Long Live Collagen

Increased collagen expression is a common feature of many different pathways to extended longevity in worms.

Mar 1, 2015
Ashley P. Taylor

AGING WORMS: Young (left) and old (right) specimens of the nematode C. elegansCOURTESY OF KEITH BLACKWELL


The paper
C.Y. Ewald et al., “Dauer-independent insulin/IGF-1-signalling implicates collagen remodelling in longevity,” Nature, doi:10.1038/nature14021, 2014.

The impetus
One of the earliest observations about longevity in the roundworm Caenorhabditis elegans, a choice model organism for aging research, was that the worms live longer when the insulin/insulin-like growth factor 1 pathway is disrupted. This disruption normally sends worms into a hibernation-like state, called dauer, which increases life span by inserting a pause into the life cycle. Keith Blackwell of Boston’s Joslin Diabetes Center and colleagues wondered if blocking the insulin/IGF1 pathway could increase life span even without this hiatus.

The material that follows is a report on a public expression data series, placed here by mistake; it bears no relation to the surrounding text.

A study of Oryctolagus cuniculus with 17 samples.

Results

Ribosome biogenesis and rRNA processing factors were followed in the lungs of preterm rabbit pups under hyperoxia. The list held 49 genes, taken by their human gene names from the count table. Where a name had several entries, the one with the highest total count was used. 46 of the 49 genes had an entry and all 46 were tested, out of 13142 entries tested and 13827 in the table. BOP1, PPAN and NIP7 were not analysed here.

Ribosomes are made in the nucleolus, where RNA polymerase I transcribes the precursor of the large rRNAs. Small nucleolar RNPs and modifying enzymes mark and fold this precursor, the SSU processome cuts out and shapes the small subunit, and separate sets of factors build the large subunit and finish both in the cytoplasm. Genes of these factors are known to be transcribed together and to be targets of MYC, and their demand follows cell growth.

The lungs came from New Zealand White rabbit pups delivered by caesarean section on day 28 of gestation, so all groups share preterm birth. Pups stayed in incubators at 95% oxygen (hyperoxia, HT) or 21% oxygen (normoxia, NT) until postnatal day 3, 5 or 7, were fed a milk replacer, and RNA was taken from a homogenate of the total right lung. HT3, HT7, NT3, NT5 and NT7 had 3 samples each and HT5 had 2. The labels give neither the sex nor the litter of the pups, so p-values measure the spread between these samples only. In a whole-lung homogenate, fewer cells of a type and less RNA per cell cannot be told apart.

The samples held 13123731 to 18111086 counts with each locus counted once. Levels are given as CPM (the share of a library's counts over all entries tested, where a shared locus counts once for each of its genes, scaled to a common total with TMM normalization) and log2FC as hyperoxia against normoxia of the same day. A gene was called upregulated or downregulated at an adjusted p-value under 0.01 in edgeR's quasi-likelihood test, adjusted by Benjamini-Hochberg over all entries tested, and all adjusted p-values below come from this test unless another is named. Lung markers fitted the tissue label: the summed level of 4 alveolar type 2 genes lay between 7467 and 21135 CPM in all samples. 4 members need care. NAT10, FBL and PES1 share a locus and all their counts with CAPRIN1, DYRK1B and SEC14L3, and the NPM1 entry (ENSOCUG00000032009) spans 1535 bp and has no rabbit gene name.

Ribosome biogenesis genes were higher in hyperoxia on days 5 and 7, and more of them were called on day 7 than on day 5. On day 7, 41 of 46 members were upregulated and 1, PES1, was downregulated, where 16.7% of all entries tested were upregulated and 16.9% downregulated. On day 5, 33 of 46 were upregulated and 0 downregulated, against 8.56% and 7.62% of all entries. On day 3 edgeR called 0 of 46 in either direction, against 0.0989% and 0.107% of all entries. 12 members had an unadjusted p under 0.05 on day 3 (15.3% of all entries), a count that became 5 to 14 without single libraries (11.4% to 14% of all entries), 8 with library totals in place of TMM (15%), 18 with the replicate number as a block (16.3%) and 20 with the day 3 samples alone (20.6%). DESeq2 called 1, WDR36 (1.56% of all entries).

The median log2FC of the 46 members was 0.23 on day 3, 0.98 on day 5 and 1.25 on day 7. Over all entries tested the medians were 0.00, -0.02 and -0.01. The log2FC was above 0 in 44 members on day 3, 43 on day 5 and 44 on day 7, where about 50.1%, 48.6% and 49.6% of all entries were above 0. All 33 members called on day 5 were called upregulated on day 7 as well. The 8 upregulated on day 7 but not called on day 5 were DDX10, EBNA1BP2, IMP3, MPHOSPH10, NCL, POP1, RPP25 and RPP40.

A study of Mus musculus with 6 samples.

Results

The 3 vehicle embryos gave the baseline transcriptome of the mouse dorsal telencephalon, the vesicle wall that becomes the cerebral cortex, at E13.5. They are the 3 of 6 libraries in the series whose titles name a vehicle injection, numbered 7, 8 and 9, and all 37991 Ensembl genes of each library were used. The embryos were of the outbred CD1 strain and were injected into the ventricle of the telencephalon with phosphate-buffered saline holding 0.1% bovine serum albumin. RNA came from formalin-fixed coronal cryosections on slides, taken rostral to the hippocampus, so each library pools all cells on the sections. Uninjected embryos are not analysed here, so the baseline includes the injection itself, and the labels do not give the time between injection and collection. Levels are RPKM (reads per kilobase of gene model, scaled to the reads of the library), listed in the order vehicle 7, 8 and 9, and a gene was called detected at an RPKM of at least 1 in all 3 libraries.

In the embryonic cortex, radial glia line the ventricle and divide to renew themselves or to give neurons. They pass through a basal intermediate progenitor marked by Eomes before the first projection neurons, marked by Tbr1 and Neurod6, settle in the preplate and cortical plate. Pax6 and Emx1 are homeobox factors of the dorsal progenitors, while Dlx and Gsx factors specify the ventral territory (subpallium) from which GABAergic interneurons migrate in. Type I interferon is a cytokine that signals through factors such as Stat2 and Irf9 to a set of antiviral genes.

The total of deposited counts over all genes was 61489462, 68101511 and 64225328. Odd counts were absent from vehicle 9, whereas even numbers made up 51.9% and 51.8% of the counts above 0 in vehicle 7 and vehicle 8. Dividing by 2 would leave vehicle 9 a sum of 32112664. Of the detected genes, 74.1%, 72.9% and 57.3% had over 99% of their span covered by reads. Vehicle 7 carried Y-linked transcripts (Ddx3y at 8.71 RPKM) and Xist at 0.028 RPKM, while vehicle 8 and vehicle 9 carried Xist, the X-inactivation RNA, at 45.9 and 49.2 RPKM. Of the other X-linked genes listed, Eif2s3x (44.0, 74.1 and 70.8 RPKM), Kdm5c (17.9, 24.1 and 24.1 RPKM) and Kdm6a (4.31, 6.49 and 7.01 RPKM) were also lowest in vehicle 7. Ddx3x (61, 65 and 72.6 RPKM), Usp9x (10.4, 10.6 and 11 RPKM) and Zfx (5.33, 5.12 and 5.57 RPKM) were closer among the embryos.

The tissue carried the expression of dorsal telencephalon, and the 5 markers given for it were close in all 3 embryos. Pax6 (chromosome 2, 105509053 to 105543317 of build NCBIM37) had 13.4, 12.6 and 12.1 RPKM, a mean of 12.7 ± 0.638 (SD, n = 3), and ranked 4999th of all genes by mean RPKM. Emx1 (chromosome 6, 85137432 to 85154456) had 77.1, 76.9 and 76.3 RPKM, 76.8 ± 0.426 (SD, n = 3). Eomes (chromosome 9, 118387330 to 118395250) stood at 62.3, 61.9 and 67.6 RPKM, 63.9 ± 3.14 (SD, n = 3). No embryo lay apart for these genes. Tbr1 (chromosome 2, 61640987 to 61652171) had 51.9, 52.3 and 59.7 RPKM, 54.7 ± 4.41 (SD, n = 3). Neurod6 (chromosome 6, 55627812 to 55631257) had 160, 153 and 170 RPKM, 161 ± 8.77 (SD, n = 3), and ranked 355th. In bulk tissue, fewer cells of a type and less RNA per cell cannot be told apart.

The results
To this end, the researchers reduced the insulin/IGF1 pathway at temperatures that block entry into the dauer state, and the worms still lived longer. The team looked for changes in gene expression that accompanied this phenomenon and found the most striking upregulation among collagen genes. Such an uptick in expression was not unique to disabling insulin signaling; Blackwell’s group found that collagens were also boosted in several other interventions that extended life span in C. elegans.

The implications
Collagens are most familiar as the proteins whose age-related dysfunction causes wrinkles. “This paper really suggests that collagens are not just, let’s say, associated with external, . . . cosmetic usefulness, but overall improved health,” says Malene Hansen of La Jolla’s Sanford-Burnham Medical Research Institute. The study also suggests a new role in aging for the extracellular matrix, where collagens are found. “Mechanisms that will extend life [may] act by enhancing the function of the extracellular matrices and specifically of collagens,” says Blackwell.

Remaining wrinkles
Whether collagen decline leads to aging or vice versa is an area for future research. “There’s likely to be sort of a feedback loop” between the two, says Hansen.